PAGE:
HH The Emir
We share more commonalities than differences. Getting democracies up and running isn’t such an easy task. All countries wrestle with the same issues – how to create laws that protect both majority rights and minority rights? How to restrain those in power, so that they may serve those they were elected to serve?
Many look at positions of power and think “How glorious! What fun it must be to be the President/ Emir / Minister! Their lives are full of parties and grand openings! They live to give speeches! I could do that!” What people don’t see is the true nature of leadership. The life of your Emir is filled with self-sacrifice. His leadership is a holy thing; a burden – he is the leader and servant of all his people.
I remember studying politics in college, to my surprise one of my professors informed us that Communism was the most efficient system for bringing chaotic political systems into order. The brutal infliction of communism on a nation does, indeed, bring order and institutions . . . until that system crumbles under it’s own weight, as do most totalitarian regimes.
It would be so easy to be a benevolent dictator. It would be so easy to rule a country, and to focus your resources on education, health care, roads, electricity, water and developing trade. Your Emir has chosen the harder path – leading his citizens to participate in the rule of the country.
It is a much more difficult challenge to bring citizens to responsible self-rule. Your Emir has the patience of Job; he has endured the antics and intricate dances of his House of Parliament with enormous endurance, allowing all the foolishness to play itself out on the Parliamentary stage. It is this servant, this Amir’s responsibility to ensure that his nation survives. It can only be with enormous sadness that he must – once again – dissolve the Parliament and call for new elections, hoping beyond hope that the newly elected will have a sense of responsibility and self-discipline to take the place of the posturing egoists in the current Parliament.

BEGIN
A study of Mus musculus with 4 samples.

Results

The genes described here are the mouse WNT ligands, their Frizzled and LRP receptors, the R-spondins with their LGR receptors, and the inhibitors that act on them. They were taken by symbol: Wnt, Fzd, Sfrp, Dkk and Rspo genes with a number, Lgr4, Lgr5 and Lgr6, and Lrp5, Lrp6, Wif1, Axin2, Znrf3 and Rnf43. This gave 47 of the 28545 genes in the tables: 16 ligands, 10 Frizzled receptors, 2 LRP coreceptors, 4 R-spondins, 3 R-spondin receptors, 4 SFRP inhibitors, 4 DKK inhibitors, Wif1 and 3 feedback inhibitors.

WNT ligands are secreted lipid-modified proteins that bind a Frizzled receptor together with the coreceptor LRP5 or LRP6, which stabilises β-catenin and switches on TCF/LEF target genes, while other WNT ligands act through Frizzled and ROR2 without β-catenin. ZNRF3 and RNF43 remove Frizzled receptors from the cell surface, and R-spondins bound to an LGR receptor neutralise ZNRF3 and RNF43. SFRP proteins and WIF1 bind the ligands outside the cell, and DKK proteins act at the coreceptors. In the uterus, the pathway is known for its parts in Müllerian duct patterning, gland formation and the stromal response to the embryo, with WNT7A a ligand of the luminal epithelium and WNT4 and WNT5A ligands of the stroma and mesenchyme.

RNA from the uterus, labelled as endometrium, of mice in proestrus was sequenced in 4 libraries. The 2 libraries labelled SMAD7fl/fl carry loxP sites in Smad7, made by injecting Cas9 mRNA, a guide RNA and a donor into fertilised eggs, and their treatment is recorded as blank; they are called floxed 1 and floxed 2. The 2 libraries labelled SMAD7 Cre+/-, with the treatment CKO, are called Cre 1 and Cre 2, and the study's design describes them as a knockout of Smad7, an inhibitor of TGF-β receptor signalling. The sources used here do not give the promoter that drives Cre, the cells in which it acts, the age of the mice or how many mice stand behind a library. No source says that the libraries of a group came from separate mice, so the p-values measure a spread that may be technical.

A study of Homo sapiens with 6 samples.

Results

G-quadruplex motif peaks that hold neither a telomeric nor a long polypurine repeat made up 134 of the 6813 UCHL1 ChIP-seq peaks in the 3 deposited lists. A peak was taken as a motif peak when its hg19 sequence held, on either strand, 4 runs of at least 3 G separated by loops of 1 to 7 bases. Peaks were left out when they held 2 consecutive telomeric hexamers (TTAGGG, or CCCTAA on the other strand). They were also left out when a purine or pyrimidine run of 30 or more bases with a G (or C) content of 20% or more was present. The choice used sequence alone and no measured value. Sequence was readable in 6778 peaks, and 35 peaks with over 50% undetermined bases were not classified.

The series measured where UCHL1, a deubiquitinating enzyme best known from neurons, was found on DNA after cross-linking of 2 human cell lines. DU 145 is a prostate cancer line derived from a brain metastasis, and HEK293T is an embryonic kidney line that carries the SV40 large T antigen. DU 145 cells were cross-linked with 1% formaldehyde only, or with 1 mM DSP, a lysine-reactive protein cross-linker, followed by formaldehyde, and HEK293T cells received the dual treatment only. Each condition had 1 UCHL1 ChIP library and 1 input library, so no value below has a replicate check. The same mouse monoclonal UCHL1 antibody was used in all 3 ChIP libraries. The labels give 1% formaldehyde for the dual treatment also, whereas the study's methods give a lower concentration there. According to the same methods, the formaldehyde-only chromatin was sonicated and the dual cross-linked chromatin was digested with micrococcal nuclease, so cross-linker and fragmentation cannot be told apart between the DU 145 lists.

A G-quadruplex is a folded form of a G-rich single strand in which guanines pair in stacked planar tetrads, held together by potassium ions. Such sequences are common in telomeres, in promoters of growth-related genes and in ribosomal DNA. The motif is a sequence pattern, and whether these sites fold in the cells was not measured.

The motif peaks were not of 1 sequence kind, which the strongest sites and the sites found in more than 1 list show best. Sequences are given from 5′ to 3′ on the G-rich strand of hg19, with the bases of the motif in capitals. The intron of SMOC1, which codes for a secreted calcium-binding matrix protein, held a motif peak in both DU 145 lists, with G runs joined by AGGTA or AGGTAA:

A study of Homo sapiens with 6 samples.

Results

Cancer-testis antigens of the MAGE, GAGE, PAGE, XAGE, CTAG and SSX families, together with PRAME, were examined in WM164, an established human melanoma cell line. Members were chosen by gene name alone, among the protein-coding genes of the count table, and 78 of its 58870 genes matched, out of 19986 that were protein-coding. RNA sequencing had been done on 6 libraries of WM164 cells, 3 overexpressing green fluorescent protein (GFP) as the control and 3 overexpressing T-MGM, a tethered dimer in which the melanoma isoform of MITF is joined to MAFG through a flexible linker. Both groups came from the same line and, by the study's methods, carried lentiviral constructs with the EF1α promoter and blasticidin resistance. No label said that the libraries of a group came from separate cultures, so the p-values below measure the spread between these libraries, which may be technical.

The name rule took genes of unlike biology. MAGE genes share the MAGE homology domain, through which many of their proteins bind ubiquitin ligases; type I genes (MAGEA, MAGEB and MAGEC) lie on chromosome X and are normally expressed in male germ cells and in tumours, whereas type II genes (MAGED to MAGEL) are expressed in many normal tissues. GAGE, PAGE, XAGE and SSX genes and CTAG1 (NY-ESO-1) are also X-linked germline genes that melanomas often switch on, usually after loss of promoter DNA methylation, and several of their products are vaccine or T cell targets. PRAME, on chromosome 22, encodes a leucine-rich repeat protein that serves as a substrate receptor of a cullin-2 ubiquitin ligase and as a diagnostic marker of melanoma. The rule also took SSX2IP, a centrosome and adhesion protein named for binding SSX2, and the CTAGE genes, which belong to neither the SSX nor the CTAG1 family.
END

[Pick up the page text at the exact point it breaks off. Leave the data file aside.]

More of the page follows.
I cannot begin to imagine the cloak of responsibility that settled on his shoulders when he accepted the Emir-ship, just over three years ago. While he has his wise counselors, it must be an enormous weight on his shoulders, and ultimately, by the Grace of God, it is he who must make the most painful decisions for the greater good of his nation and its people.
The citizen also has a duty, a duty to look beyond selfish personal needs and to identify the greater needs of society. He or she have an obligation to fully analyze their candidates, to discover whether they are somber, balanced lawmakers – who deliberate, who seek consensus – as opposed to individuals eager for position, backed by delcarations of empty promises, who dance, posture, and bring shame to the position of Member of Parliament.
Your Emir on a daily basis takes on the great burden of managing a vast, complex nation. In return – and this is such a small thing – you should treasure your vote and cast it wisely.